Fennel was eaten in China during the Bronze Age.

It later spread to the Mediterranean basin, where it still grows wild. It features in ancient mythology as food for the gods.

The word for fennel in Greek is marathos, because the Ancient Greeks made it into a symbol of victory when they defeated the Persians at Marathon in 490 BC, the battle having taken place in a field of wild fennel.

The Romans called it foeniculum (hay), from where its present name originated, and cultivated it. They introduced it into England. The English later developed a preference for fennel seeds, which they chewed in church to freshen their breath so as not to disturb their neighbors while singing hymns.

Fennel cultivation began to develop in the south of Italy in the 16th century. It was almost unheard of in France until the arrival of Catherine de Médicis.

Now it is grown on every continent. It was taken to California during the colonial period and has taken root so vigorously there that it is considered a weed.

The bulb should be firm, clean, and white, without blemishes or cuts, and the tops a bright green color.

Small bulbs are more tender than the larger ones. 

Fresh: by the bulb.

Whole seeds or powder.

As dried stalks, called fennel sticks.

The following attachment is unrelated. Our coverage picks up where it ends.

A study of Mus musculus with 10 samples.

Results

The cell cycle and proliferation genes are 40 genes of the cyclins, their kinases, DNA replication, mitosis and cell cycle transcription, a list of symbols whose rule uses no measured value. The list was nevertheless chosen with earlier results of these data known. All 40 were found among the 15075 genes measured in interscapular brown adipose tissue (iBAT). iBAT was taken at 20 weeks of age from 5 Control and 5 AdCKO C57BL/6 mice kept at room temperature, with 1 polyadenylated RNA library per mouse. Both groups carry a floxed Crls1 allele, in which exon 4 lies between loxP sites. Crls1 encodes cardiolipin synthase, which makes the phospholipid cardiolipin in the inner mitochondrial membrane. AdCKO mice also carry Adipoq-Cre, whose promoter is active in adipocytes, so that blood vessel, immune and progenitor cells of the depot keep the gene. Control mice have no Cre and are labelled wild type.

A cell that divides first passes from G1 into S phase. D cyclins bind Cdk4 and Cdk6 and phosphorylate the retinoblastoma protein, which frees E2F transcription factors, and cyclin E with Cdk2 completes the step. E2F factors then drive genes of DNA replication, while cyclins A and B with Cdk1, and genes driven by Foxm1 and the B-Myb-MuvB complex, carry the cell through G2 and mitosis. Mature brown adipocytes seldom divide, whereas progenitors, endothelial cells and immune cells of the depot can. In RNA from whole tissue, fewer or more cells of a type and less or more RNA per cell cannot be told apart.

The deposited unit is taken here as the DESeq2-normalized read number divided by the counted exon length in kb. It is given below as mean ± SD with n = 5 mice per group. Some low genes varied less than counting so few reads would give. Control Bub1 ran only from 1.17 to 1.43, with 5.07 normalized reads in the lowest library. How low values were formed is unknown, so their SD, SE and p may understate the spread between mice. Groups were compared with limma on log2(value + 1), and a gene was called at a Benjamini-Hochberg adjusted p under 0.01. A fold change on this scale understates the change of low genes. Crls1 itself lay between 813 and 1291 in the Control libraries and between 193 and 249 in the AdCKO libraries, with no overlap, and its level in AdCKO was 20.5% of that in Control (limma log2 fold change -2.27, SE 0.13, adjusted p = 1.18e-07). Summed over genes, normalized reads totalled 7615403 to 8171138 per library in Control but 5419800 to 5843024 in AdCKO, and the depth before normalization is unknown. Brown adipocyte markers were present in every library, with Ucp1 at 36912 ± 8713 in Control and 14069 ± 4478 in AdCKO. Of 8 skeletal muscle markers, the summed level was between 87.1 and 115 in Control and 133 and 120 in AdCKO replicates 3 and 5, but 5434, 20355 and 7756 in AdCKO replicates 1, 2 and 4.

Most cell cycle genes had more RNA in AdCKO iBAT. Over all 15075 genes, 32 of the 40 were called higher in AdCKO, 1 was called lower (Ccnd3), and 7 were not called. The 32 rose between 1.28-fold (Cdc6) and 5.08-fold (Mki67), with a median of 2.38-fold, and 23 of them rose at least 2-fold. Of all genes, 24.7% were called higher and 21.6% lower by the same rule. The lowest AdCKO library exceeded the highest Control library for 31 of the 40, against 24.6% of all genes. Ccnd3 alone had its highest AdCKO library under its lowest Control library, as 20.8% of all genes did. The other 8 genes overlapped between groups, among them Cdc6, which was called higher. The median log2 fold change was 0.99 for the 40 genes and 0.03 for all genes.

"Spice of angels" is a rare and sought after product made from fennel pollen harvested in Italy and California.

Fennel can be kept for 3–4 days in a cool place covered with a damp cloth.

It becomes stringy as it ages.

Fennel has long been considered a medicinal plant. Fennel seeds are among the "four hot seeds" included in ancient pharmacopeia.

It was reputed to help gout sufferers, consumptives, and those with heart ailments, and also was renowned for being a diuretic, stimulant, appetite opener, and digestive tonic, and for having the power to reduce weight and to encourage breast-milk production (the last two properties are more wishful thinking than reality).

No scientific studies have verified these claims. But its high content in minerals, antioxidant carotenoids, vitamins, and fiber may explain these ancestral virtues.

The fruit of the fennel is inscribed in the French Pharmacopeia: the seeds and essential oil are still used in herbal medicine.

Among the dozen of varieties that exist, the most common are:

Florentine fennel: with a swollen bulb and a slightly sweet flavor.

Sweet fennel: fleshy bulb, very fine flavor.

Bitter fennel, wild fennel: bulb with green leaf stalks at the base.

Mantovano fennel: not very voluminous bulb, very sweet flavor.

Cristal, carmo, late zefa: large, slightly flat bulb.

Fennel is produced throughout the year in Italy, Spain, and the United States. The true season in France is May through November.

Its cultivation has spread through Northern Europe since the 1970s, after the development of varieties that need less light to grow.